Gary Dinges
gdinges@statesman.com
Traffic reporter Joe Taylor can now be heard on Spirit 105.9.

Joe Taylor is back doing what he loves, helping Central Texans steer clear of traffic jams.

Taylor, who previously delivered traffic updates on Time Warner Cable News and several local radio stations owned by Entercom, can now be heard on Spirit 105.9.

His reports air on the contemporary Christian-formatted station between 6 a.m. and 9 a.m. and again between 3:45 p.m. and 7 p.m.

“Spirit 105.9 is a completely different direction for my traffic coverage,” Taylor said. “I’ve produced traffic on music stations before, but never in this specific genre. What I like about it is the focus on local content, local voices. I approached (general manager) Tim McCoy because I think Spirit fits with my emphasis on local traffic reporting, something which goes beyond pulling up an app or looking at Google.”

Taylor says he’s kept busy in recent months working with Number Nine Productions, his company that manages and produces a number of sports radio and television broadcasts.

“I’ve missed helping Austinites navigate the roads,” he said. “I’ve posted on social media from time to time about large accidents or big traffic stories, but there’s nothing like waking up with this city every day. I know what I do helps.”

New role for reporter

KVUE’s Tina Shively has traded early mornings for the late-night shift.

Shively, who joined the city’s ABC affiliate about three years ago and had primarily served as a reporter on “Daybreak” and “Midday,” started a new job this month as the station’s social media specialist.

What exactly does that entail? KVUE executive news director Frank Volpicella explains: “She’ll cover breaking news from our newsroom Watch Desk during the 5 p.m., 6 p.m. and 10 p.m. newscasts and contribute to our social media platforms when she’s not on the air.”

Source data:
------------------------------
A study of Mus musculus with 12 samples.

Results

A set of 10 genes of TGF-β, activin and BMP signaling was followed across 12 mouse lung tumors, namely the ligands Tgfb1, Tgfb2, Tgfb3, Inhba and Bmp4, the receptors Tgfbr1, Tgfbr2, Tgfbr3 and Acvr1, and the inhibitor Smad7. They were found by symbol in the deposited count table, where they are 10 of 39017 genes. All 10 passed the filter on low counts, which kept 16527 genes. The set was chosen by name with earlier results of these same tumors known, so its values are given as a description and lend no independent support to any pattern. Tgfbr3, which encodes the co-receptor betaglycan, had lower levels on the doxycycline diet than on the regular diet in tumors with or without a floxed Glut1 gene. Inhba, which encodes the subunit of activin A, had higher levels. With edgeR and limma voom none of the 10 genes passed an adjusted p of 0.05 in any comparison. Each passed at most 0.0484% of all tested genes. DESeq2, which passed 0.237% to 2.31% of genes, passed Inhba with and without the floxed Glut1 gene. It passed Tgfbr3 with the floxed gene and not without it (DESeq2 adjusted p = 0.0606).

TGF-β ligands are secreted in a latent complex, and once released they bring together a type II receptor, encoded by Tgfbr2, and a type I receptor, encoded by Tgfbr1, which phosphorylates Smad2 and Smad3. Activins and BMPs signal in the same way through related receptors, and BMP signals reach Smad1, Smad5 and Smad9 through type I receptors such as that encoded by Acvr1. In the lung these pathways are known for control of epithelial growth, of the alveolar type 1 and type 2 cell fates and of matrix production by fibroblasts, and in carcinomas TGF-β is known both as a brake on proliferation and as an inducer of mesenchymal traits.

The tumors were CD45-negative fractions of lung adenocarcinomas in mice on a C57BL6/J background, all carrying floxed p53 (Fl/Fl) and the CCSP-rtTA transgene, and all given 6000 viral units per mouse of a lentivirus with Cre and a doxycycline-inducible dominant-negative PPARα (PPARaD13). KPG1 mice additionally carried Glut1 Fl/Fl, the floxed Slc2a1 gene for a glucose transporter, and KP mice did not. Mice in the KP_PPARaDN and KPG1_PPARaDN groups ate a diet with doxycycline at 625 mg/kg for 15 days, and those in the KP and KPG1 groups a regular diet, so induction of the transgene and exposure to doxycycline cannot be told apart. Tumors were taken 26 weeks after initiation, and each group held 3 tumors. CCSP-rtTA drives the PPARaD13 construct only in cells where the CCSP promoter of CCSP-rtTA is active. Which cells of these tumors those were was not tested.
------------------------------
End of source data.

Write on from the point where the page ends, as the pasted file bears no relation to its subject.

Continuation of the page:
It’s similar to the role 4:30 a.m. anchor Cori Coffin plays on the 5 a.m. and 6 a.m. editions of “Daybreak,” Shively said.

“We’re excited about it,” she said. “It’s something new and different. No one else in the market is doing this on the prime time newscasts. Our station is leading the way.”

During a typical newscast, look for Shively to pop up a couple times, depending on what’s going on. One minute, she might be sharing details on a breaking story. The next, she’ll be telling evening anchors Quita Culpepper, Terri Gruca and Tyler Sieswerda what’s trending on Twitter.

“When you tune in, you’ll get to know what’s going on right now and how it’s going to impact you,” Shively said. “It’s going to be energetic, immediate, unscripted, off the cuff.”

Shively says leaving her morning colleagues – Coffin, meteorologist Albert Ramon and anchors Yvonne Nava and Bryan Mays – was hard, but she’s also looking forward to what’s next.

“I’m going to miss my ‘Daybreak’ crew,” she said. “We’re a really strong family. But I’ve been reporting 10 years now and this is where our industry is headed. I’m excited to be a part of it.”

Read my blog at tvradio.blog.austin360.com or follow @gdinges on Twitter to get the latest updates on local radio and TV stations.